Metamorphic Facies


Metamorphic facies show how metamorphic minerals form.

It is a series of metamorphic mineral assemblages that form in a specified range of pressures and temperatures.





In the early 1900s, Scandinavian scientists realised that metamorphic minerals don't form randomly.

They realised that metamorphic rocks contain distinct mineral assemblages formed under certain pressures and temperatures.

 eskolas facies
 Eclogite facies. By GOC53 via Flickr.com


Those assemblages depended not only on pressures and temperatures, but also the chemical composition of the original rock.

In other words, the same metamorphic rock contains different minerals depending on at which temperatures and pressures it was formed.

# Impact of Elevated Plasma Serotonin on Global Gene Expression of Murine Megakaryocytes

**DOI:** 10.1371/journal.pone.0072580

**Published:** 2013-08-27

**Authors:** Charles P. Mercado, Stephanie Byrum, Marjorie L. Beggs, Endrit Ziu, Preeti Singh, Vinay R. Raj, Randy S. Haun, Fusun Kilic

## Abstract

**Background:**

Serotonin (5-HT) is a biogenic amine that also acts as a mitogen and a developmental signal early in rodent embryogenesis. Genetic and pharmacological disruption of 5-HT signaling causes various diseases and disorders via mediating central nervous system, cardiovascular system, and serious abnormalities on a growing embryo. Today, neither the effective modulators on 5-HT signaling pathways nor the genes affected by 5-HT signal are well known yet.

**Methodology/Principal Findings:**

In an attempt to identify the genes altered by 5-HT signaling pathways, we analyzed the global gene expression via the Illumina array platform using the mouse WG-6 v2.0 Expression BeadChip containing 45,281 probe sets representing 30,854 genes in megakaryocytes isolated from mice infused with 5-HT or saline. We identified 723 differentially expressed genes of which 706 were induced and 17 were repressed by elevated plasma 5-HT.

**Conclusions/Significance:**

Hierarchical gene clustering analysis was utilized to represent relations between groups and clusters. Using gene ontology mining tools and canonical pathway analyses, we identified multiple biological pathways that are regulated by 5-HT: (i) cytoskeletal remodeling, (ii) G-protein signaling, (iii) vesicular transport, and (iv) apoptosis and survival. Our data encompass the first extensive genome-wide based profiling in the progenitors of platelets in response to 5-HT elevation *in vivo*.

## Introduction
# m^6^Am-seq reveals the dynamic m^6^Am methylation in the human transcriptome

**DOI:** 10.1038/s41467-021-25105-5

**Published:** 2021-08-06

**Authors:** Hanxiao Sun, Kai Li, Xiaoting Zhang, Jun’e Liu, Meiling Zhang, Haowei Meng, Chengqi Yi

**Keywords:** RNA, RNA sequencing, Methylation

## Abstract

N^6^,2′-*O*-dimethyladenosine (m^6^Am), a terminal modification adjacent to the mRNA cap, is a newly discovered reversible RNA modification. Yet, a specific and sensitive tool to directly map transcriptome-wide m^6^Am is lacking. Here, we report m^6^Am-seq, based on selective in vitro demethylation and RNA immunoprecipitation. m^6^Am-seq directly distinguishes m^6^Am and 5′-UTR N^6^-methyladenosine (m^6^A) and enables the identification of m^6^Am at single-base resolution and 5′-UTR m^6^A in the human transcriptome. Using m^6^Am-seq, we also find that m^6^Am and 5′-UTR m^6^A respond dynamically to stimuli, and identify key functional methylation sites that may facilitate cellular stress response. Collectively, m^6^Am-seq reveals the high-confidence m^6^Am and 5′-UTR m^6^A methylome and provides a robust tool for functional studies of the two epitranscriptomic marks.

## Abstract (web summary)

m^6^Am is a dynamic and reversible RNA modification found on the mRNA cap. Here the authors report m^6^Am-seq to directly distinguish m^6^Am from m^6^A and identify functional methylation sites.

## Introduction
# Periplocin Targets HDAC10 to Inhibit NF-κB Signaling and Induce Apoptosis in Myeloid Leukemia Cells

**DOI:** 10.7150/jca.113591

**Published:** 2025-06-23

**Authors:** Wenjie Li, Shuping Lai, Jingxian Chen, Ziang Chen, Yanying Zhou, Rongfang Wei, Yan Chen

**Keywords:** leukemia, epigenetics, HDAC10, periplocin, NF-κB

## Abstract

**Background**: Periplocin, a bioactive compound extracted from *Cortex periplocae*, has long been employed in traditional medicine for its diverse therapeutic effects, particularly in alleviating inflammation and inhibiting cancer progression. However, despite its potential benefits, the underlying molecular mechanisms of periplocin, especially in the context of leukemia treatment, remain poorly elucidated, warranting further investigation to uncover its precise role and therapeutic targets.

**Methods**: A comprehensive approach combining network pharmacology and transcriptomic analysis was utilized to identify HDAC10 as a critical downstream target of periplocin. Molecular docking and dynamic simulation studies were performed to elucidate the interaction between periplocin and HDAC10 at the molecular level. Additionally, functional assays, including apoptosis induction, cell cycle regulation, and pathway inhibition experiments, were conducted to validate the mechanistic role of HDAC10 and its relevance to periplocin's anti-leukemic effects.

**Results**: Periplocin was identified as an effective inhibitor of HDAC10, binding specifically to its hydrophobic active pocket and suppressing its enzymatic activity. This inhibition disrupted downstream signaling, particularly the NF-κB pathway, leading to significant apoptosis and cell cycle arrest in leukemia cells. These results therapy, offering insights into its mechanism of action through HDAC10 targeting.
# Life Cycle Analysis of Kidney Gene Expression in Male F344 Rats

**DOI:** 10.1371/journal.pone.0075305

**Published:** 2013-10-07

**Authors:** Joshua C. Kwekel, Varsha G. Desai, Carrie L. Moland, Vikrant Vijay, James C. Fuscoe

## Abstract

And two different rocks don't contain the same minerals just because they formed under the same pressures and temperatures, because the composition of the original rock was different.

But - two separate masses of the same rock, located at different locations, will have the same minerals if they were formed under the same pressures and temperatures.

This observation lead to Eskola's facies:

Zeolite - low pressures and temperatures

Hornfels - low pressure, high to medium temperatures.

Greenschist - low to medium pressures and temperatures

Amphibolite - high to medium pressures and temperatures

Granulite - highest temperatures, medium pressures

Blueschist - high pressures, low to medium temperatures

Eclogite - highest pressure, high to medium temperatures.